Jan 07, 2011 9:42 am
[caption id="" align="alignleft" width="200" caption="The Greenport Rescue Squad's main facility is located just off Route 23B near the Cedar Park Cemetery. Photo from GRS website."][/caption]The Register Star reports this morning that around half a dozen members of the Greenport Rescue Squad turned out for their town's Wednesday night reorganization meeting to protest cuts in EMS funding for the coming year. Part of the problem, Francesca Olsen writes, is that in 2010, neighboring Claverack paid out $50,000 in total funding to the rescue squads serving the town — half to Greenport Rescue, and half to the now-defunct Philmont Rescue Squad, which ceased operation last November due to financial difficulties. In 2011, the amount going to Greenport Rescue Squad will rise to $35,000 goes to Greenport Rescue Squad... but the squad is saying it had been expecting the whole amount to cover facility and equipment upgrades. Councilman Robert Preusser responded that the board never heard from GRS in writing, expressing their need for the entire $50,000 allocation. What seems to be happening here, when grouped with a growing litany of similar complaints about cuts from public servants and volunteers, is a correction to the anti-government sentiments, and actions, of last year.

“You did make a big commitment stepping up and we appreciate that,” he said.

GRS Deputy Chief Tony Merante said the squad has already opened a Philmont substation to the tune of $22,000.

“We didn’t have to do this at all,” he continued. “We came out here, trying to do the right thing. Now it looks like the town’s not doing the right thing.”

“We met with you — we met face to face,” Merante said. “We didn’t put it in writing. I guess talking face to face meant nothing.”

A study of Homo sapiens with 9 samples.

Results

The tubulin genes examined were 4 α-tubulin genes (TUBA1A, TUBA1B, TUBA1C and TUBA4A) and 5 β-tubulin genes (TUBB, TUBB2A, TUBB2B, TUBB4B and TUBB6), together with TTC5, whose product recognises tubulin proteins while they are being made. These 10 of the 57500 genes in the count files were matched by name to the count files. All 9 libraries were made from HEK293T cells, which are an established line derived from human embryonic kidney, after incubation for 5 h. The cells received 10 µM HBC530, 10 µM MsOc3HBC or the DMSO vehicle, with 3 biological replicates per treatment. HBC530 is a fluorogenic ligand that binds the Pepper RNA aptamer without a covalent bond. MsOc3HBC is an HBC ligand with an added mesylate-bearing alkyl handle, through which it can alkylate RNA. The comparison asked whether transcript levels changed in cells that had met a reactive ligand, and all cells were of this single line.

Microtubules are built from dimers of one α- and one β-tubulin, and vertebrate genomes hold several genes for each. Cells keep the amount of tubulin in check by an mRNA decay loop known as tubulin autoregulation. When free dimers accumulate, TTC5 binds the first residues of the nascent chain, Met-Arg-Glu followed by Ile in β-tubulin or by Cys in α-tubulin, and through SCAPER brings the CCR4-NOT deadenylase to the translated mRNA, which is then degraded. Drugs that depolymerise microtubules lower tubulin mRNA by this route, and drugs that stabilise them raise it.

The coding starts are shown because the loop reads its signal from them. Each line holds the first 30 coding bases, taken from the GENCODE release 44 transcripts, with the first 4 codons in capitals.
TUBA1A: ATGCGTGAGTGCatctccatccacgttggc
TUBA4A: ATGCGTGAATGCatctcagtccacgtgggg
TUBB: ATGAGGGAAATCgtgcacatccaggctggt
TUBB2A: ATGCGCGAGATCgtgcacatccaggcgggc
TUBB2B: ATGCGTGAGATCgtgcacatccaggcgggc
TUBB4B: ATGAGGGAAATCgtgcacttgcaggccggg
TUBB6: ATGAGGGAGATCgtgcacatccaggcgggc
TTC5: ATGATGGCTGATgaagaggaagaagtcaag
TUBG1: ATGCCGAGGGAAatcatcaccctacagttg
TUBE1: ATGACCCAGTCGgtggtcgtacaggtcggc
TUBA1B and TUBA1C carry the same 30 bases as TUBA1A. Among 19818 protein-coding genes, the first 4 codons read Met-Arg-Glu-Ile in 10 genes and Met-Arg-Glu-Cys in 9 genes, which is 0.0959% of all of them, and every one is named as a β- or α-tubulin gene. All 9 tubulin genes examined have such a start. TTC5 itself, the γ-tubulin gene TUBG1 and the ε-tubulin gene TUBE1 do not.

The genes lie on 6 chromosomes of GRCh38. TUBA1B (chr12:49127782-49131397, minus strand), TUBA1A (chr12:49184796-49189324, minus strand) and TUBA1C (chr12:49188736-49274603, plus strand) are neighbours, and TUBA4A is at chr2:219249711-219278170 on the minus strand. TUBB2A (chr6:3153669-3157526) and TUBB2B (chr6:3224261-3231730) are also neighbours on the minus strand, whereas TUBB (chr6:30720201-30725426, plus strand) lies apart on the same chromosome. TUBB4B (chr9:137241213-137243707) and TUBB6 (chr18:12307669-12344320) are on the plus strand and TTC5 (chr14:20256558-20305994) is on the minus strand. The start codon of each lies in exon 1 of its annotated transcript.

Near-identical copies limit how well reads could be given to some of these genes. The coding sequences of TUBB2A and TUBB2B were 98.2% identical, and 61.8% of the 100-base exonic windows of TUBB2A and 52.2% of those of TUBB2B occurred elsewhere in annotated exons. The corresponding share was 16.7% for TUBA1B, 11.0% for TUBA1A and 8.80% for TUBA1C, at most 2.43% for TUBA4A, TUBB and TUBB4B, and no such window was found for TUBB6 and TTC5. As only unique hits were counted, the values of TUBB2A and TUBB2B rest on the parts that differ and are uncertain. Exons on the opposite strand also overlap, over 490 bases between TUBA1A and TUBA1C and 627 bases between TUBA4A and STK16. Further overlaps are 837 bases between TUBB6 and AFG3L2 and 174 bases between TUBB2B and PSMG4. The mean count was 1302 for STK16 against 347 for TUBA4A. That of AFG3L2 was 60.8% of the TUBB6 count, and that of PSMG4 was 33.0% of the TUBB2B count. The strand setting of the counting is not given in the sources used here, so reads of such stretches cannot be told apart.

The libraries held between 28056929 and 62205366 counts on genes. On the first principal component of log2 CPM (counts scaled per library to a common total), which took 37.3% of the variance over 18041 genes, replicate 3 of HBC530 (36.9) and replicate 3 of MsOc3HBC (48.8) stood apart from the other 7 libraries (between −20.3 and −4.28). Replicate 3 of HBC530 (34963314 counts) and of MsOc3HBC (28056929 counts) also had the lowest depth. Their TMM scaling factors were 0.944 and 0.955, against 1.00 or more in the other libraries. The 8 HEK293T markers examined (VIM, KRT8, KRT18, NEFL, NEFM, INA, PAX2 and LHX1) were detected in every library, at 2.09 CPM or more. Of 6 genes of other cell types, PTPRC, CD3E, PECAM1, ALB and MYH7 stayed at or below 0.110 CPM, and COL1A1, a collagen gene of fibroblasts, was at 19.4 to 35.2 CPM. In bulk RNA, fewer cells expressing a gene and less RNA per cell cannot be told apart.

“We should have communicated better with you guys and vice versa,” Preusser said. “We will work together to make it correct.”

“There’s no sense in you guys coming here to chew us out,” said Councilman Clifford Weigelt. “We don’t have to sit here and get mad at each other.”

Councilman Michael Johnston said that the Philmont Rescue Squad came to the board with their funding issues on three different occasions. “We said, ‘put a plan together,’” he said. “Never once did they come to us...we are open to sit down and discuss this as gentlemen without any problems.”

“We were surprised by this,” Merante said. “I supported coming out here to Philmont ... my surprise is (these cuts) happened without us knowing about it.”

Johnston pointed out that the village of Philmont does not contribute to funding the rescue squad and didn’t contribute to the budget of the Philmont Rescue Squad. “You need to be in front of the village board as well,” he said. “We want the same thing that you want: for the public to be safe.”

The board decided they’d dedicate an evening, probably in March, to address the conflict head-on. “We’re sorry it had to come to this,” Preusser said. The discussion ended amicably.

Also during the meeting (and the reorganization meeting that preceded it), town board workshop meetings were moved to the fourth Monday of every month. Supervisor Robin Andrews announced that Jay Brosseau, chair of the town Planning Board, is retiring — a new chair will be chosen, and the town has received four applications for new planning board members who will be interviewed shortly.

Peter Reiss, chair of the town’s agricultural committee, reported on the ongoing work the committee is doing towards a farmland protection plan. Reiss said they’re looking at different ways to engage farmers and get their input, probably via a survey.

“The emphasis in our message is that agriculture is an economic issue within our town and one of the drivers in our economic plan,” he said. “It’s hard. We want to get something started while farmers are in a quiet time. When spring comes, they’re not going to have time for us.”

Public hearings regarding the Philmont fire district contract and property tax exemptions for senior citizens and the disabled were set for the next town board meeting, Feb. 2, at 7 p.m.